Backyard birders have another tool in their arsenal, with a newly updated smartphone app that can recognize a bird species by analyzing a photo.

Much like facial recognition systems, the app – The Merlin Bird Photo ID, created by researchers from Caltech and Cornell University – only needs a clear, quality photo to begin matching the picture against a database of 650 North American bird species it currently stores.

Users simply show the app their bird photo, tell the program where and in what time of year the winged wonder was spotted, and then wait a moment to see if Merlin comes up with an answer.

If it thinks it's identified the bird, the app supplies one or more possible suspects, with details about the bird's markings, behavior and breeding. Also supplied are juvenile and adult photos, sample calls from the bird, and a map showing the animal's year-round, breeding, migrating and non-breeding ranges throughout North America.

The researchers say, in a press release, that the program will be correct about 90 percent of the time, assuming a quality picture and, of course, that the bird is present in the database.

Does it work as advertised? This author supplied the app with a picture of a sharp-skinned hawk taken in his backyard and the program indeed returned the correct hawk species as a potential identification, along with a second possibility, a Cooper's hawk, which looks a lot like a sharp-skinned. The picture was somewhat dark, originally taken by smartphone at "web photo" image quality, so at least in that case the app seemed pretty agile.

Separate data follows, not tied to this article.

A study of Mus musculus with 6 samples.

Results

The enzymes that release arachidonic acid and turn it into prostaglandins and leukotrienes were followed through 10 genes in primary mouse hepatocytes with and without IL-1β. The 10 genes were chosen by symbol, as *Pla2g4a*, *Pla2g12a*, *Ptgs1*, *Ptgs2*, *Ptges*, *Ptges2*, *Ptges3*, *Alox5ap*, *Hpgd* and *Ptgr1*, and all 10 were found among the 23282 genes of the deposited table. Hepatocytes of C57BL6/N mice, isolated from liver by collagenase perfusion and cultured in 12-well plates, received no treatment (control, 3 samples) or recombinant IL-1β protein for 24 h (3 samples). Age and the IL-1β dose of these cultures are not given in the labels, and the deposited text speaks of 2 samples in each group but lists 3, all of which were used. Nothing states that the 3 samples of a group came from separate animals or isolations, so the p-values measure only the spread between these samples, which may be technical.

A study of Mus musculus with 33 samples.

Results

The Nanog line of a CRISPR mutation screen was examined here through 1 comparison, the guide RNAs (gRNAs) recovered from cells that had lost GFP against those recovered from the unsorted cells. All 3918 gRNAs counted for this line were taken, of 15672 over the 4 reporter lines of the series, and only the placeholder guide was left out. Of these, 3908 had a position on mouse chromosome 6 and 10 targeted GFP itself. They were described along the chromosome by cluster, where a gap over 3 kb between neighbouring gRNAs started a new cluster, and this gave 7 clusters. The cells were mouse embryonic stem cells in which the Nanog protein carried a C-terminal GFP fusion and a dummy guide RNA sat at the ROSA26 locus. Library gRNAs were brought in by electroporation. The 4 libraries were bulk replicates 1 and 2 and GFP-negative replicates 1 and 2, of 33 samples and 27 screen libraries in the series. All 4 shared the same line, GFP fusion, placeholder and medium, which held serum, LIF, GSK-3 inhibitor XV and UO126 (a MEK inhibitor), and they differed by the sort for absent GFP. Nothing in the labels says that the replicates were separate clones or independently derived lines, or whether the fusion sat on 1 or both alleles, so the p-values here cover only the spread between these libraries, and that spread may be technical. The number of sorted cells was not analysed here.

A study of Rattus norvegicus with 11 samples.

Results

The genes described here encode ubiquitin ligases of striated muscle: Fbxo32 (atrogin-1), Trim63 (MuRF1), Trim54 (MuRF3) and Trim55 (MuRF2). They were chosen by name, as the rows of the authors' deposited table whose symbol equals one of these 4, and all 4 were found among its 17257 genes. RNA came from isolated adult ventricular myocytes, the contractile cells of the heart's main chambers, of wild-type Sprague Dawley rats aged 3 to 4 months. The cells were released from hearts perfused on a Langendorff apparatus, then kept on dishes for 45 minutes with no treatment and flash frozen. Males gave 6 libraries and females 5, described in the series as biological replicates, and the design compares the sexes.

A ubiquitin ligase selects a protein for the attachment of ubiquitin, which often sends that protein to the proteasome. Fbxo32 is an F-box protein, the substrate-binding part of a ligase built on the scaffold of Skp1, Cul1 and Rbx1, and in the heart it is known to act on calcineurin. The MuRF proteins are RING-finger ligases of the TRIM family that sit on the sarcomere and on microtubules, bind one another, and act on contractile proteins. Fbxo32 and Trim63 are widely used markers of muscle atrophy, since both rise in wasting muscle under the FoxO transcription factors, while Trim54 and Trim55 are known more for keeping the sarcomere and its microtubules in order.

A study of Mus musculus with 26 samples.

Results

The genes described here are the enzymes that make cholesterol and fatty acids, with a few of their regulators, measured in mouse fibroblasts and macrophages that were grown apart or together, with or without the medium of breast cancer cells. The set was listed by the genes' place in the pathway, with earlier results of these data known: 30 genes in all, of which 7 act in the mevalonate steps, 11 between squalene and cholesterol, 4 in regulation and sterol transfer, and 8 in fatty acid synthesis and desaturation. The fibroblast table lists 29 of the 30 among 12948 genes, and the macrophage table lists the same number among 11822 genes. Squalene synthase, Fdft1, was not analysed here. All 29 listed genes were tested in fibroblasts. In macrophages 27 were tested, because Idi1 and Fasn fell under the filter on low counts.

If it finds your bird, the Merlin Bird Photo ID tells you all you need to know about it.

To build the app's database of species, computer scientists from Cornell and Caltech fed it almost 1 million photos of birds, including data about species and key physical characteristics such as wings, claws and beak. The Merlin system draws on that information and also considers the bird's reported location and the time of year – with help from eBird's vast store of data – to supply its answers.

Caltech engineering professor Petro Perona said the app is part of a wider vision centered around machine learning and visual classification.

"Ultimately," Perona said, "we want to create an open platform that any community can use to make a visual classification tool for butterflies, frogs, plants, or whatever they need."


"A machine that recognizes objects in images, like humans do, was a distant dream when I was a graduate student and now it's finally happening," said Perona.

The Merlin Bird Photo ID is free to download on iOS and Android through Apple iTunes and Google Play. It's an upgrade to the first Merlin bird app from 2014, which walked users through a series of questions to try to identify a bird they had seen.